On screen, the beauty of Hasidic life transcends a cloistered world’s restrictions
Audiences seem hungry for content about Orthodox Jews. Unorthodox was a runaway success. My Unorthodox Life milks Julia Haart’s story of leaving Haredi life in Monsey. A new horror movie mines Hasidic spirituality for demonic terrors.
People are, of course, curious about the men who dress like they live in a different century strolling down New York City streets. But these stories give a limited picture, feeding the audience’s prurient — and profitable — fascination by focusing on the underbelly of Hasidic life. Lurid marketing amps up the drama, like Netflix’s description of the documentary One of Us, about three men who “face ostracism, anxiety and danger as they attempt to leave their ultra-Orthodox community.”
On its surface, Where Life Begins, a French film from director Stéphane Freiss screening at the New York Jewish Film Festival, seems like another entry in the canon of dramatic Hasidic escape stories.
Set at an Italian etrog farm, where they grow the ridged, yellow citrus essential to Sukkot, the film focuses on the intimate, but unspoken, relationship between Elio, the (non-Jewish) owner of the farm, and Esther, the daughter of a French rabbi whose family comes to the farm each year to inspect and package the holy fruit.
Esther, played by a solemn Lou de Laâge, grates against Hasidic rules, sneaking away on forbidden walks and car rides with Elio and hiding in his house to use the internet. Her parents are trying to arrange a marriage, which she doesn’t want, and, at one point, the women in the family study Judaism’s strict menstrual laws, one of the more off-putting Orthodox practices for a modern audience. In a melodramatic letter to her rabbi father, Esther tells him she wants to leave: “Your world is in black and white. Today mine is in color.”
But the details of the movie soften the expected story. There are scenes of joy: the family working together in the etrog orchard, celebratory meals, mothers praying with their children, men dancing and singing. There’s a palpable holiness to the pastoral shots of the Italian countryside. Even Esther, as she rages against Judaism, does so from inside it. “Give me the strength to leave you and I will forget you without resentment,” she begs a God she clearly still believes in.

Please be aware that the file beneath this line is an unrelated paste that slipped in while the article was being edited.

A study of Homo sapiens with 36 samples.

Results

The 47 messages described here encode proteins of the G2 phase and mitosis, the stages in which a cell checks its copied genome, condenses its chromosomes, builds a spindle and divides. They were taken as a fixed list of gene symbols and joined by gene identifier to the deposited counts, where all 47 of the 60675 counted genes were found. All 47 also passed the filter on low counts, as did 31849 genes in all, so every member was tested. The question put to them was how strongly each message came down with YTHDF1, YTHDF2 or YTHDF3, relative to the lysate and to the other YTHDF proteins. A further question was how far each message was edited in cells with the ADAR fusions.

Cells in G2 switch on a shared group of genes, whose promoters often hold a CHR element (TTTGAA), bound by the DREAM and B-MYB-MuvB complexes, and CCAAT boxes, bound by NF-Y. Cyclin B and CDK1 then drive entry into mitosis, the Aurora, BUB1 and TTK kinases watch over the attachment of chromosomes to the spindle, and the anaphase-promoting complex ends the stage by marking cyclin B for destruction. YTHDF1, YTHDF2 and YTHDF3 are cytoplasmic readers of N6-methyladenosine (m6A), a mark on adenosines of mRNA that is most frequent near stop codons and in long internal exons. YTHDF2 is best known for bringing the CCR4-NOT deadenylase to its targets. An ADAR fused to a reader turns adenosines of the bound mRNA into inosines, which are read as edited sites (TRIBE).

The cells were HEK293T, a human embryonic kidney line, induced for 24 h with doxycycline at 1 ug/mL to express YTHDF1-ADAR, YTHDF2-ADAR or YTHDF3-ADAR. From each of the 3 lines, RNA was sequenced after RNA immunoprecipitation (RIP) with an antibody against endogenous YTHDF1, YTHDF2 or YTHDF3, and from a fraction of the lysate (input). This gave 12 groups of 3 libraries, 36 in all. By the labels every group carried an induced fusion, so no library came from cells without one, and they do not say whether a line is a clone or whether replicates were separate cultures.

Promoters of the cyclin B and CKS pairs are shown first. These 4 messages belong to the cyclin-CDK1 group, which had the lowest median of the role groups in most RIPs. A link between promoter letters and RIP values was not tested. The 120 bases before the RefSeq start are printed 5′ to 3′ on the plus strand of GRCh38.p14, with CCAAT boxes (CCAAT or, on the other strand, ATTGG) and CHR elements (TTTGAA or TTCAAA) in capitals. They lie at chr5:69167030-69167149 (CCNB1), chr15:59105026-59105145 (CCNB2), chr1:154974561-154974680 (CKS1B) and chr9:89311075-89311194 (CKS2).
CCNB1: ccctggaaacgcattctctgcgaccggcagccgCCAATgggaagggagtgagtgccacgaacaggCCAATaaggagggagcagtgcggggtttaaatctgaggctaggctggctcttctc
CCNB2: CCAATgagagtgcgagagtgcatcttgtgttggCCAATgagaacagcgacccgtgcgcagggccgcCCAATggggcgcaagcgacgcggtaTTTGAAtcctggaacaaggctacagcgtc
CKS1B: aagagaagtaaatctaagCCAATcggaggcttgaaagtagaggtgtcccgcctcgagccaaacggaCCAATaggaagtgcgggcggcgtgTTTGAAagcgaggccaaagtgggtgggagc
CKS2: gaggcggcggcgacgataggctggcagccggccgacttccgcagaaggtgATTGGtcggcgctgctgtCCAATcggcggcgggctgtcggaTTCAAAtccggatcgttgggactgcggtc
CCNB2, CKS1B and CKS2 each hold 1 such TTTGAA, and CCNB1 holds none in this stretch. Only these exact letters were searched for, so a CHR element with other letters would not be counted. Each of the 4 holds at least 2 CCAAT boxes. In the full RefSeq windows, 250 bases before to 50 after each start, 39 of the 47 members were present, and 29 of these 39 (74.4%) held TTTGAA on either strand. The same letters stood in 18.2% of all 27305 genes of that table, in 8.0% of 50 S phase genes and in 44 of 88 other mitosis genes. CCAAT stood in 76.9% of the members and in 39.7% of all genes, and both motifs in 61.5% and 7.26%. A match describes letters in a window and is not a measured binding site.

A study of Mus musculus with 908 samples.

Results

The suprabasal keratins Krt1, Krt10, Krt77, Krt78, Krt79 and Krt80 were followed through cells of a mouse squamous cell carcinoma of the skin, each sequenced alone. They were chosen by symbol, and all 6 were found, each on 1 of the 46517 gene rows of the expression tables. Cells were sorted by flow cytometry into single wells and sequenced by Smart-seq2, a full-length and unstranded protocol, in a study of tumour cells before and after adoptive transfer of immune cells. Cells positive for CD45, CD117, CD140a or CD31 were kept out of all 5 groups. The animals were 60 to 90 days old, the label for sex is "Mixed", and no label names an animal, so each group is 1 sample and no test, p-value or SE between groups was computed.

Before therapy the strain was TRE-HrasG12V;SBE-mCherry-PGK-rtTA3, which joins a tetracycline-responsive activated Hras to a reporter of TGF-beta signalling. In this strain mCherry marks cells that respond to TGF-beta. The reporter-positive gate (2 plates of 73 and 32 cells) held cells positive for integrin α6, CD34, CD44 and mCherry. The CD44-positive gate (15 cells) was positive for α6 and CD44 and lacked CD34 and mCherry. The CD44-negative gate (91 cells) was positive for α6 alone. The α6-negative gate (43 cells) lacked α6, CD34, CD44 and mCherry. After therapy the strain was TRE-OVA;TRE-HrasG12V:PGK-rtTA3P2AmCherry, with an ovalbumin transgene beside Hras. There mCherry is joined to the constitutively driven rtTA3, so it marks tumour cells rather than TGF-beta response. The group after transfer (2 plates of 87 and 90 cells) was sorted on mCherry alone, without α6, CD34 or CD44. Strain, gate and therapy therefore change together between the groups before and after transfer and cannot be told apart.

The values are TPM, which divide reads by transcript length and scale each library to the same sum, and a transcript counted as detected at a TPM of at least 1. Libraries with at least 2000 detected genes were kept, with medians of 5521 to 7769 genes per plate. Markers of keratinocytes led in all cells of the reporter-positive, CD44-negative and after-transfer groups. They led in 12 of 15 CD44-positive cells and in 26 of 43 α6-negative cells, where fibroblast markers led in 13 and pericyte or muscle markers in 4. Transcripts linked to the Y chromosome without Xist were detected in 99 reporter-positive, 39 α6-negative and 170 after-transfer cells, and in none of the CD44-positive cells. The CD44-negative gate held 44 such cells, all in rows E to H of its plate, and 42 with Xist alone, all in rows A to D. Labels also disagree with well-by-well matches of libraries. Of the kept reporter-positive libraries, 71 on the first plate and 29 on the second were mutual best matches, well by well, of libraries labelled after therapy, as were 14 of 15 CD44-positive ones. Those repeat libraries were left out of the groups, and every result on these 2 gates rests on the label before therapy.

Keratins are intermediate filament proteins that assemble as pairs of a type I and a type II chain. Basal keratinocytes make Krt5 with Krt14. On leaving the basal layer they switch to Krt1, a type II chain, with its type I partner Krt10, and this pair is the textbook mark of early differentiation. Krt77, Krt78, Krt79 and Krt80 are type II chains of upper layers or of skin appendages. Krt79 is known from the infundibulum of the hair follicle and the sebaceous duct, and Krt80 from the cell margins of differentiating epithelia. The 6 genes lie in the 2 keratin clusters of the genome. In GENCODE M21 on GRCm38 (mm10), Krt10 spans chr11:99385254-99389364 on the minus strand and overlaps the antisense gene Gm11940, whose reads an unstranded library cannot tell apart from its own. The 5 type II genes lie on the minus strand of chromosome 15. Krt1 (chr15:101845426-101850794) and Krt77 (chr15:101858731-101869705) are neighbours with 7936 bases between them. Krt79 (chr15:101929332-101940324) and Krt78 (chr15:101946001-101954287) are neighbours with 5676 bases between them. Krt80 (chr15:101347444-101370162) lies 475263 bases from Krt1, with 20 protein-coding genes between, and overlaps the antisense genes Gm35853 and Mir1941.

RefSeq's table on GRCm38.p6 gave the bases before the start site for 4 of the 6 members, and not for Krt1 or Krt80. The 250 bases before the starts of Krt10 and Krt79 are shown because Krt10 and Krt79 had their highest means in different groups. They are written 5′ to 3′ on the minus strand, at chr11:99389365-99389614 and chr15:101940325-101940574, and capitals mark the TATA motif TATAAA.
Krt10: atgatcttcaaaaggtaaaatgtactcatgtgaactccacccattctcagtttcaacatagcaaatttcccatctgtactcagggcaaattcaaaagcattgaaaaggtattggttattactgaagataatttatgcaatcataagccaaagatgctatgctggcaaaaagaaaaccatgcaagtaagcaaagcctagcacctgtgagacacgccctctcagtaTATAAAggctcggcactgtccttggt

And Elio, ostensibly the symbol of the outside world for Esther, seems to have a deep respect for Judaism. He enables and even encourages Esther’s rule-breaking, but is also genuinely fond of her father and family. At one point, he folds a makeshift kippah from paper for a child who lost his. And though his farm is struggling, Elio refuses to graft his trees for a bigger, more profitable harvest; to do so would make them non-kosher.
Elio, too, is embedded in tradition: Etrogs, after all, are inedible, useless except for Judaism. They’re a fitting crop for Elio, who inherited the farm from his father, leaving a cosmopolitan life — and his ex-wife and children — in Rome to take up the family business, which he both loves and resents. Where Life Begins executes a delicate dance, acknowledging the limits of tradition while also allowing for its beauty.
This delicacy makes Where Life Begins feel like a standout among contemporary portrayals of Hasidism. But it’s in line with a much older film. Remastered for its 25th anniversary, and also screening at the festival, A Life Apart opens with an almost glowing portrayal of Hasidism in America. Filmmakers Menachem Daum and Oren Rudavsky got incredible access into the usually cloistered world, allowing for intimate shots of Hasidic life, all teeming with warmth and festivity: huge gatherings of men singing with their rebbe, the celebration of a Hasidic boy’s first haircut, Shabbat blessings over candles, a child learning the Hebrew alphabet.
Going over the history of Hasidism, narrators Leonard Nimoy and Sarah Jessica Parker explain that it was a “spiritual revival movement which emphasized prayer, joy and charity.” In numerous interviews, people talk about how lucky they feel to be Hasidic, and how sorry they feel for secular people, who miss out on so much value and meaning.
“It’s emotional, it’s holy, it’s beyond words,” one man says of his religious practice.
A Life Apart doesn’t shy away from the very real limits of Hasidism entirely. Here, too, there’s a woman who left Hasidic life, as well as academics discussing sexism within the Hasidic world and a Hasidic school’s principal openly talking about censoring books.
It’s hard to gild these elements of the Hasidic life, and A Life Apart makes no attempt to. But unlike so much of what came later, its vibrant and affectionate shots of daily life movingly convey what it’s difficult to express in words: That, hard as it is to understand, Hasidism’s rigid rules and harsh limits can also forge love and contentment and transcendence.
So, too, in Where Life Begins, you can’t help but feel the sanctity of Hasidic life when it’s set against lingering shots of the stunning Italian countryside. Even moments that might otherwise feel dark — Esther balling up her fists in fury or running desperately through a field — are softened by the sounds of chirping birds and rustling leaves and cows mooing softly.
Just like Hasidism, the film operates beyond logic; you have to simply feel the beauty — of the land, of the tradition, of the religion. It’s impossible to miss.